THE council will press ahead with spending more than £3 million on moving to its new headquarters and buying new furniture.
Labour councillors failed to convince the authority to think again about making do with old furniture at a time of biting austerity.
The Tory-controlled council is due to move from Taberner House to the new Bernard Weatherill House, next door, late this year.
Councillors voted last month that it was best in the long run to spend more than £3.14m on a six-week move, including buying the new tables and chairs.
A report to cabinet claimed the other option was bad value for money at £2.12 million, taking 18 weeks and moving old furniture that would soon need to be replaced.
Labour councillors called the decision in for review. Scrutiny and strategic overview committee vice-chairman Cllr Sean Fitzsimons said the spending jarred at a time of savage cuts.
He told the committee on Tuesday: "At this moment in time should we be spending all this money? And could we just defer some of that expenditure to a later date and use some of that borrowing capacity to provide services to residents, rather than putting the needs of the organisation first rather than the people?"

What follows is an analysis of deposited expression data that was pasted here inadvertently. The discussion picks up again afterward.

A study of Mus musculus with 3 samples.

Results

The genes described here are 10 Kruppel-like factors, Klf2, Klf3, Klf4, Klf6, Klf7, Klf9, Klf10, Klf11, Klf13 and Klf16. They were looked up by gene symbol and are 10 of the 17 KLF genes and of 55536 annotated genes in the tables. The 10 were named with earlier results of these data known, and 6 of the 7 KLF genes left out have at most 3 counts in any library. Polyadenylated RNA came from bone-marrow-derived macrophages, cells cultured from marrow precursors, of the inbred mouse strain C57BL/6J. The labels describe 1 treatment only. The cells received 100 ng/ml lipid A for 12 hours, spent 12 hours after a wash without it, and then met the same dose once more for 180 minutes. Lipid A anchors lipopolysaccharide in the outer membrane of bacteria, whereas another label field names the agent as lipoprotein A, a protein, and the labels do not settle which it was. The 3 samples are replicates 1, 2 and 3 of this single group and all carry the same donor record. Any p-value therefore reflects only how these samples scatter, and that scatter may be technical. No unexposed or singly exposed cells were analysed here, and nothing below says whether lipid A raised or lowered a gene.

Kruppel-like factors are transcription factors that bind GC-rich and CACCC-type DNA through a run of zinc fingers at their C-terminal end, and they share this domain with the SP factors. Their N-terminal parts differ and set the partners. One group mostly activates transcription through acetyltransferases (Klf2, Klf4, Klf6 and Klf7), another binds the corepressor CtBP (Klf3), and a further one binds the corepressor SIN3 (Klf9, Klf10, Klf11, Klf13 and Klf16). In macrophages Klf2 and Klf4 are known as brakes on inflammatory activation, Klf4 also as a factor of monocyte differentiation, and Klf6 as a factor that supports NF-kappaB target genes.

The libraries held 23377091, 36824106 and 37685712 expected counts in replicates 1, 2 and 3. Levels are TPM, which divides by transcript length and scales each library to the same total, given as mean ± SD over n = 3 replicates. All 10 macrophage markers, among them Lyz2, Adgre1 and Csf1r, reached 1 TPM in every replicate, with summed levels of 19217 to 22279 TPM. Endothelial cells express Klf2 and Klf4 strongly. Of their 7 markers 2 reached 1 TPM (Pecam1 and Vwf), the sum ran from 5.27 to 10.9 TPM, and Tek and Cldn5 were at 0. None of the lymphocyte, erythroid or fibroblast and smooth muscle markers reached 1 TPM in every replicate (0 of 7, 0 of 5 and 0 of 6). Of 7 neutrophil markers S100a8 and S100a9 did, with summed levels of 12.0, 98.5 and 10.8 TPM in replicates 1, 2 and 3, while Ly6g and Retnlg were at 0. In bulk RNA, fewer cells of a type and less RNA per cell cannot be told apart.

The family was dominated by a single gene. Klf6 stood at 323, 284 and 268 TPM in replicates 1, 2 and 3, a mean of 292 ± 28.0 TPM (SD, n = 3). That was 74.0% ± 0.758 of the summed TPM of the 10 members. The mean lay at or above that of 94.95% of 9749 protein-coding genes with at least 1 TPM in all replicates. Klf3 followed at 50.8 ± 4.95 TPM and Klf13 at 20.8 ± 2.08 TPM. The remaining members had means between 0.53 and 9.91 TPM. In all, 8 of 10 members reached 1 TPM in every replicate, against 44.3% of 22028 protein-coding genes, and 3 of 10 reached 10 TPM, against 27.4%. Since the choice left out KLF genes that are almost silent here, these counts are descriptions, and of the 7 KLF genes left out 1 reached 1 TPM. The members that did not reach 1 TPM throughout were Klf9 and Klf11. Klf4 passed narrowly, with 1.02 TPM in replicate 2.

But acting council chief executive Nathan Elvery argued that moving furniture risked disrupting the council's services, saying: "This is a conversation about service risk, not a conversation about furniture."
He added he did not want to "compromise" the benefits of the modern work environment in the new HQ, aimed at boosting council workers' productivity.
He said: "It is undebated that if you put them in a different environment they will think differently, and I would not want to compromise that environment by putting them in a state-of-the-art building and then putting their old desk in front of them and saying 'get on with it like you did in Taberner House'."
Mr Elvery said the 18-week time frame for the discarded option was because moving could only be done at weekends to lessen disruption, but that time frame was challenged.
Councillor Fitzsimons said: "You have a history of reports which take the worst case scenario [...] Frankly, you are taking us for fools that we are going to believe that it will take 18 weeks."
Speaking after the meeting, half of which was held in private as it dealt with confidential information, Cllr Fitzsimons said he felt officers had been "open and honest".
He added: "The argument is if we are cutting funding to social services – we have less social services but nicer chairs, so they have fewer workers but they have nicer chairs.
"I am sure officers will enjoy their new chairs but whether the voting public will think it is right."
The Tory-majority scrutiny committee voted against a motion to review the decision to buy new furniture.
The meeting heard the fate of the discarded furniture has yet to be finalised.